Monday, July 10, 2017

Appalachians who are unhappy with national news media are telling their own story

Appalachian journalists, fed up with what they perceive to be biased and opportunistic coverage from national news media sources, are trying to reclaim their voice, writes West Virginia-based Catherine Moore for the Columbia Journalism Review.

"Even before Donald Trump’s election, Appalachia was treated as a kind of Rosetta stone for deciphering rural white poverty in America," Moore writes. "In its aftermath, media inquiries . . . confirmed many residents’ deep-seated fear that the national press only shows up when the news is bad, or to make them look like fools or freaks. Instead of inviting input on how to frame their stories, reporters seemed to be looking for people to fit a frame they already had in mind."

When Communications Director Jake Lynch of the West Virginia Community Hub became increasingly frustrated by national media coverage, he invited members of the national media to New Story 2017, the organization's yearly conference for "people trying to drive the story and the future economy of the state." None would come, Lynch reported. "There wasn’t enough conflict or controversy, he was told," Moore writes.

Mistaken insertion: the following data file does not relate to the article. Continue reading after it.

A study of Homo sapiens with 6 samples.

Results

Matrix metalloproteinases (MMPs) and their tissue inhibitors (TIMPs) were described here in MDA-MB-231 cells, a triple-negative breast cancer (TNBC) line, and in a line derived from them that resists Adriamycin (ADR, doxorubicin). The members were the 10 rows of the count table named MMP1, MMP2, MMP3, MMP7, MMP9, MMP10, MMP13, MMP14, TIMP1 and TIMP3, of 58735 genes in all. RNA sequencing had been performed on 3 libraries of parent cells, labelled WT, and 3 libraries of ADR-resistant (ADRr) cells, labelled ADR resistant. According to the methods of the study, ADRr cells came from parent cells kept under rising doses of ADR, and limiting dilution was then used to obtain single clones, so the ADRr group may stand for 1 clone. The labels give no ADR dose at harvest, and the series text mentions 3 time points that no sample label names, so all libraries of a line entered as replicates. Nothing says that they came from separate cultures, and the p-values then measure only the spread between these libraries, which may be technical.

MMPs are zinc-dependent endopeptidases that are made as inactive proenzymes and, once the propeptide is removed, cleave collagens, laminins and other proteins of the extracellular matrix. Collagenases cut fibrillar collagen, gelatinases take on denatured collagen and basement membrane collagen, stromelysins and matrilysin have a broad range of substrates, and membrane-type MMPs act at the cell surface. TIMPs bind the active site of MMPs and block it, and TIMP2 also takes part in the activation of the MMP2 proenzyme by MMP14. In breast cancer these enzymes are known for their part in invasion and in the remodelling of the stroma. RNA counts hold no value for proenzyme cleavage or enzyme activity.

At New Story 2017, a two-day conference held from June 16-17 at West Virginia University's Reed College of Media, "showcased a number of new platforms, projects, and enterprises that have sprung up to shape the narrative of Appalachia from the inside out," writes Moore. More than 300 people and organizations from Central Appalachia showed up.

"There was Kentucky-based Southerly, a robust new email newsletter aiming to fill a gap in environmental reporting in and about the South. And Mountain Tech Media's 'Upload Appalachia' internship program, designed as a vehicle for smart, talented young people to stay in the region and take on digital work. Many more inside-out, bottom-up media projects in the region—Vandaleer, Inside Appalachia, Scalawag, the Ohio Valley ReSource, WestVirginiaville, Hollow, Looking at Appalachia, Appalshop—were represented as well," Moore writes.